Zimmermann pitched three innings and allowed eight runs on nine hits. He threw 61 pitches, 39 for strikes. St. Louis went to work on Zimmermann in the second, scoring two runs. David Freese scored on a groundout by Rob Johnson, while Shane Robinson scored on a single by Ronny Cedeno to make it 2-0.
The Cardinals sent 10 hitters to the plate in the third and scored six runs off Zimmermann. Johnson and Greg Garcia highlighted the scoring with two-run hits.
Zimmermann didn't give any excuses for his disappointing outing. He never talked about having a dead arm and said he felt fine. He did acknowledge, however, that he felt tired in the third.
"I just threw some fastballs up in the zone," Zimmermann said. "Obviously, they are a good hitting team. When I did make some good pitches today, they put some good wood on it and hit a few down the line."
Zimmermann is part of a formidable rotation that includes Stephen Strasburg, Gio Gonzalez, Dan Haren and Ross Detwiler. The rotation is expected to help the Nationals attempt to win their second straight National League East title.
Last year was Zimmermann's best as he went 12-8 with a 2.94 ERA in 32 starts. He wants to improve upon that and pitch at least 200 innings. He was 4 1/3 innings off the mark last year.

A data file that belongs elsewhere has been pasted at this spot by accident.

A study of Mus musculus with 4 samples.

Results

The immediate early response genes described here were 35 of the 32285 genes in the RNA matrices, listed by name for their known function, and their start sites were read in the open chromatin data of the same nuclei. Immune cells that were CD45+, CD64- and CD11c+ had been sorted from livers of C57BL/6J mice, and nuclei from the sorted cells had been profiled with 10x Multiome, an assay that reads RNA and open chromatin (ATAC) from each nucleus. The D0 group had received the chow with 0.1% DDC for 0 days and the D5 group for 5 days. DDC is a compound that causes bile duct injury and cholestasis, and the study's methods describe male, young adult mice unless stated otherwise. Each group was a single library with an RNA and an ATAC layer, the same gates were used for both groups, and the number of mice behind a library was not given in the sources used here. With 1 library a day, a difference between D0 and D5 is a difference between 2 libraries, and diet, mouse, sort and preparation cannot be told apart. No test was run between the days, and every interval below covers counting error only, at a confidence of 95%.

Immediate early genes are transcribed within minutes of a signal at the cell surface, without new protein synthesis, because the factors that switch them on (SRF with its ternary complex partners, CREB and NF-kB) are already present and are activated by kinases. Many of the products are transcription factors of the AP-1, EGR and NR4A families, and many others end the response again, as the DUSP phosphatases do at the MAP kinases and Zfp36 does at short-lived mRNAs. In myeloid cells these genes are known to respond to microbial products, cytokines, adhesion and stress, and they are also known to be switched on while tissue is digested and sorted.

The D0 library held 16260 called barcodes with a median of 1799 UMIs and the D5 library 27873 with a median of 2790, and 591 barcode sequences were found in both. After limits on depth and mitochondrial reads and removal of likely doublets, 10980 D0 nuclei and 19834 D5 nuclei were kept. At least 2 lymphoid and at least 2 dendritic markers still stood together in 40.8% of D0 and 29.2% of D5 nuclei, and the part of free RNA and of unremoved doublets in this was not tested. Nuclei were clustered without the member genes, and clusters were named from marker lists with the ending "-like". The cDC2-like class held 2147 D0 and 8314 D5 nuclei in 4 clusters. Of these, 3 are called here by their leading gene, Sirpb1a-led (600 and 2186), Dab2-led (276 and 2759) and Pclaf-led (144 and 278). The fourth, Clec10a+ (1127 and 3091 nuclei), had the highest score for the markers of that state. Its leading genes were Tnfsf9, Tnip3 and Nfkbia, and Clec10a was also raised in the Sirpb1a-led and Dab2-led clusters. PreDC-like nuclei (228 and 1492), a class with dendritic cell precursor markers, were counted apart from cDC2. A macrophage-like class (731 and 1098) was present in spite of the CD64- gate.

"I have to go deep in the ballgame," Zimmermann said. "I think last year, I averaged about six innings a game, so if I can average seven innings, you could get it easily. Thirty starts and seven innings is 210 innings. If I could average seven innings, I should be able to make it."
He is developing a changeup that he feels comfortable throwing at any count. He used the pitch four times against the Cardinals.
"I finally got to the point where I feel comfortable throwing the changeup at any time," Zimmermann said. "I'm able to control it, keep it down in the zone. The velocity is good. I think it's going to be a big pitch for me."
Zimmermann is also showing how successful he could be after having Tommy John surgery in August 2009. By last year, he was third on the team in wins.
"It's a tough process when you first find out about [the surgery], but the success rate is so good, most guys come back to their normal selves or even a little better," Zimmermann said. "When I first had it, I told myself I was going to come back in 12 months. I put in all the work I possibly could to get better every day and build the arm strength up. It feels good every day."
Asked if he is a better pitcher today after having the surgery, Zimmermann said, "I think I've learned a lot more. My arm is about the same. I learned how to pitch more. I was more of a thrower before Tommy John surgery. I'm learning what pitch to throw in what count. I'm setting guys up and I wasn't doing that before."